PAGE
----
An assessment of an unanticipated overdraft fee can constitute an unfair act or practice even if the bank or other entity charging the fee complies with key financial regulations, according to a circular published Wednesday by the federal consumer financial protection agency.
According to the Consumer Financial Protection Bureau’s (CFPB) Circular 2022-06, overdraft fees must comply with such rules as Truth in Lending Act (TILA) and Regulation Z, and the Electronic Fund Transfer Act (EFTA) and Regulation E – as well as the prohibition against unfair, deceptive, and abusive acts or practices (UDAAP), as defined under the Consumer Financial Protection Act (CFPA).
However, the agency wrote, fees assessed by banks that a consumer “would not reasonably anticipate are likely unfair.” The agency said that such unanticipated overdraft fees “are likely to impose substantial injury on consumers that they cannot reasonably avoid and that is not outweighed by countervailing benefits to consumers or competition.”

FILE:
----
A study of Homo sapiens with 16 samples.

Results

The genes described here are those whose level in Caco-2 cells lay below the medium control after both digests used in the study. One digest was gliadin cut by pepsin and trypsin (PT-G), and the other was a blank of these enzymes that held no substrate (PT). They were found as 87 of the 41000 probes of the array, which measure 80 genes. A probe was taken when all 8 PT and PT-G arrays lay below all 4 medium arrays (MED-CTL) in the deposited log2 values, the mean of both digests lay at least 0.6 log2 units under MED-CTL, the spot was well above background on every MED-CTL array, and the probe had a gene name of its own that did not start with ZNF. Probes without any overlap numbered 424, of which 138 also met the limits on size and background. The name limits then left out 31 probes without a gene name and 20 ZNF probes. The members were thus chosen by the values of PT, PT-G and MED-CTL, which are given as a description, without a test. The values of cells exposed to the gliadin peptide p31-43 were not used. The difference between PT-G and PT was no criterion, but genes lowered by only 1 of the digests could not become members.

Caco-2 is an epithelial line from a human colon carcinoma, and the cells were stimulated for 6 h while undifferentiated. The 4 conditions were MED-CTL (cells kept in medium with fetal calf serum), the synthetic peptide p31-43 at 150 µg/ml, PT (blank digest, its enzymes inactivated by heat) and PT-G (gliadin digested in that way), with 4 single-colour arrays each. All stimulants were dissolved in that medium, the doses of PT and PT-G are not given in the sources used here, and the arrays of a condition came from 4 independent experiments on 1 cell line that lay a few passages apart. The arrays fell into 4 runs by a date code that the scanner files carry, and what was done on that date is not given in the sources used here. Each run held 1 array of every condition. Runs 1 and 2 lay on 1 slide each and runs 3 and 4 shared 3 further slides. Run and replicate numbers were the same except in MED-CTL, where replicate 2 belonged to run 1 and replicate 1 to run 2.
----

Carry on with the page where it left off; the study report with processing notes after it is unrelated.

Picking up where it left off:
“Unanticipated overdraft fees may arise in a variety of circumstances,” the bureau wrote. “For example, financial institutions risk charging overdraft fees that consumers would not reasonably anticipate when the transaction incurs a fee even though the account had a sufficient available balance at the time the financial institution authorized the payment (sometimes referred to as ‘authorize positive, settle negative (APSN)’).”
The circular includes a table displaying unanticipated overdraft fees assessed through ASPN with intervening debit transactions. It includes another table exhibiting unanticipated overdraft fees assessed through ASPN by a financial institution using “available balance for fee decision.”